Holiday Learning: Fun and Easy Tips to Keep Kids Learning
Sleigh bells ringing, chestnuts roasting, snow is falling—it’s the most wonderful time of the year! The holiday season is an opportunity to spend quality time with our loved ones, give thanks to one another and celebrate the arrival of a new year. It also means that the kiddos are out of school for an extended period of time, which may interrupt the learning structure of school. Don’t worry, we are here to help! We’ve come up with simple and fun ways to sneak a little holiday learning into your holiday traditions.
With some creativity, the holiday season can be both educational and memorable. Give these easy activities a try:
Use holiday baking to bring classroom lessons to life.
From pumpkin pies to gingerbread houses to sugar cookies, your time in the kitchen are perfect learning opportunities. Measuring is a great way to practice fractions, while mixing helps children learn about the chemistry of baking. Plus, following a recipe is good practice of following instructions.
Have your children help create your holiday menu.
They can do it by finding recipes in a cookbook together. They can practice their math skills by comparing prices of different brands of ingredients at the grocery store.
Make the most of holiday travel
Turn car rides into a learning opportunity. For the older kids, test geography knowledge by trying to name all 50 states and their capitals. You can even have them point out license plates from different states. Younger kids can count the number of different colored cars.
Turn dreams of a White Christmas into meteorology fun.
Children and adults alike, who doesn’t like waking up to a beautiful snowfall? Have your children research how many times it has snowed on Christmas day in the past 10 years. They can collect data on temperature, precipitation and snowfall amounts.
Build math and measuring skills into wrapping presents
Ask your children to measure the gifts with a tape measure or ruler to determine how much wrapping paper is needed.
Explore your family heritage by creating a family tree.
Many families spend the holiday season with extended family, so it’s a great opportunity to encourage your children to take an interest in learning more about their heritage. Have them come up with a list of questions to interview grandparents and other family members. It’s a unique way to hear family stories and learn about the childhood experiences of older relatives. Everyone will enjoy going down memory lane.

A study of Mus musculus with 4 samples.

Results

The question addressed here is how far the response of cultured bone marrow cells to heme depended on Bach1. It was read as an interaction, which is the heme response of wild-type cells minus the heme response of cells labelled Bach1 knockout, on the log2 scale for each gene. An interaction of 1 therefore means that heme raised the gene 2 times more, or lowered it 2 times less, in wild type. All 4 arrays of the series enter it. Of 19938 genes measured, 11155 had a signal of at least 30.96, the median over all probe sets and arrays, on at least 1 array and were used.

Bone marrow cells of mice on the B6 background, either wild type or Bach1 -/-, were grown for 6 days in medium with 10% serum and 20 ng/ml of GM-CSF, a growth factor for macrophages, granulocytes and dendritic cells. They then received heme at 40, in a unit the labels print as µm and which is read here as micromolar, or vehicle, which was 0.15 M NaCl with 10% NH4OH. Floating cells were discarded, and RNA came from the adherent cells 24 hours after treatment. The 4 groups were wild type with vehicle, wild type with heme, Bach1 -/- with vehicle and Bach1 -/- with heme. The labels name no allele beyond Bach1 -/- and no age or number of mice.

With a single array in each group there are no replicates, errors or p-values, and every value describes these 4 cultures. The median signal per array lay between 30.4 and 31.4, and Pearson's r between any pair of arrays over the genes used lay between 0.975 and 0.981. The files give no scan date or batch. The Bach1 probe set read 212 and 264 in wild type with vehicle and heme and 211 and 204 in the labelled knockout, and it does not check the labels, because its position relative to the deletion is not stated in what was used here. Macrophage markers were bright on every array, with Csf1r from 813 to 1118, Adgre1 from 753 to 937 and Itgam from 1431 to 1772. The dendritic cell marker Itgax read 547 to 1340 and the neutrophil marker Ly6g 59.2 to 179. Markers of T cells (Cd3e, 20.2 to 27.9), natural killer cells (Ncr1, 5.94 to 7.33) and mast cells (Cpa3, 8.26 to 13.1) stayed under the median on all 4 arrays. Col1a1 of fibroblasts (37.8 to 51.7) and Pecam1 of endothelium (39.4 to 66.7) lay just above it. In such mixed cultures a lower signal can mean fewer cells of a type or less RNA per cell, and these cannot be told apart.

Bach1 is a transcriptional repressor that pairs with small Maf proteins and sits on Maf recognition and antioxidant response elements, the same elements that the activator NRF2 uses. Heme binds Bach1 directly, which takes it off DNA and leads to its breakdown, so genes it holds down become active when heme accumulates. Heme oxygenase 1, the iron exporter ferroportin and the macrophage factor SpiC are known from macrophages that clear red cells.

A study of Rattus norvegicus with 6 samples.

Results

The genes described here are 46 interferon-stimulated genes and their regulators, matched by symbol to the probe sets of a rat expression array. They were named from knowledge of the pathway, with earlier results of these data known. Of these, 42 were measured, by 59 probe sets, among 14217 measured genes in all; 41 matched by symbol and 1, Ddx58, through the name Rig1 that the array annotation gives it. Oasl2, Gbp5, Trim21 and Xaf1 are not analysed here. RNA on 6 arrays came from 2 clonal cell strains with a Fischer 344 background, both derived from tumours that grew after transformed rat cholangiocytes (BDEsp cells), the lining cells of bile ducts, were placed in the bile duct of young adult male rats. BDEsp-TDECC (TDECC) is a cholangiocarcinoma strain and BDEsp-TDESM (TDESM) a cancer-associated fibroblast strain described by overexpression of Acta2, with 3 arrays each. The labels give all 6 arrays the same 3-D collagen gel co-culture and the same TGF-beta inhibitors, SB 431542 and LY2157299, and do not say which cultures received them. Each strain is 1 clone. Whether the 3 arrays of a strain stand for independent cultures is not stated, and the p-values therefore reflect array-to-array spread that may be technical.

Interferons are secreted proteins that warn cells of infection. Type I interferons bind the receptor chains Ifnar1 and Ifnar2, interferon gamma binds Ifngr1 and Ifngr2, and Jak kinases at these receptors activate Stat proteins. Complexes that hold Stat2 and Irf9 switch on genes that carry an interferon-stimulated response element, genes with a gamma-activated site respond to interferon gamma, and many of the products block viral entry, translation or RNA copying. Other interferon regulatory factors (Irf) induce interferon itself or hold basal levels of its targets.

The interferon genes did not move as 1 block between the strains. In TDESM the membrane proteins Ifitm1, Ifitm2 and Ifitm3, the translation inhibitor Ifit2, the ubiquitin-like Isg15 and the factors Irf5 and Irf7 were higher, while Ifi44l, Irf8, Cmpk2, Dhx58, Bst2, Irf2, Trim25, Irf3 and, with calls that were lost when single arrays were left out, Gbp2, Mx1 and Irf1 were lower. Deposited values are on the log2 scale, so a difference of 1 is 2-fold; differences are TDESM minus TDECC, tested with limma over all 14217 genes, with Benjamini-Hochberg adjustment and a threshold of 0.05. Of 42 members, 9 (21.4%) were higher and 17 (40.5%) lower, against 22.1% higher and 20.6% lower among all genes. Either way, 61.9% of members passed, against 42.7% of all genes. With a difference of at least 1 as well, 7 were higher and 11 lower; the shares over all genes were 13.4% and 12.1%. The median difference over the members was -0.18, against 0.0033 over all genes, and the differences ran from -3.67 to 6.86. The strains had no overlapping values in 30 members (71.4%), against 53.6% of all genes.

Mix-up your nightly reading routine.
Pick out some holiday-themed books to read by the fire place, your Christmas tree or make a nice cozy pillow fort. If you’re traveling, take some audiobooks to keep the kids engaged in the car.
Whether you do one or all of these activities, you and your children are bound to have fun creating wonderful family memories this holiday season. And keeping your children’s skills sharp will make the transition back-to-school after the New Year a smooth one.
Baking can create delicious memories.
From pumpkin pies to sugar cookies, measuring is a great way to practice fractions, while mixing helps children learn about the chemistry of baking.
Incorporate meteorology fun
Have your children research how snow forms. They can even collect data of snowfall totals from the past 10 years.
Have your children help create the holiday menu
Finding recipes in a cookbook can be a fun activity and can make your kids feel involved in holiday planning. They can practice their math skills, comparing prices of different brands of ingredients at the grocery store.
Make the most of holiday travel
Turn car rides into an opportunity to practice letters and numbers. You can look for license plates from different states or count the number of blue, silver, red, or black cars.
Read for fun.
Pick out some holiday-themed books and mix up your nightly reading routine by reading by the fireplace or building your own cozy reading fort with blankets and pillows.
Wrapping presents is a great way to incorporate math and measuring skills. Ask your children to measure the gifts with a tape measure or ruler to see how much wrapping paper is needed.
Create a family tree.
Many families spend the holiday season with extended family. It’s a great opportunity to encourage your children to take an interest in learning more about their heritage by interviewing grandparents and listening to family stories.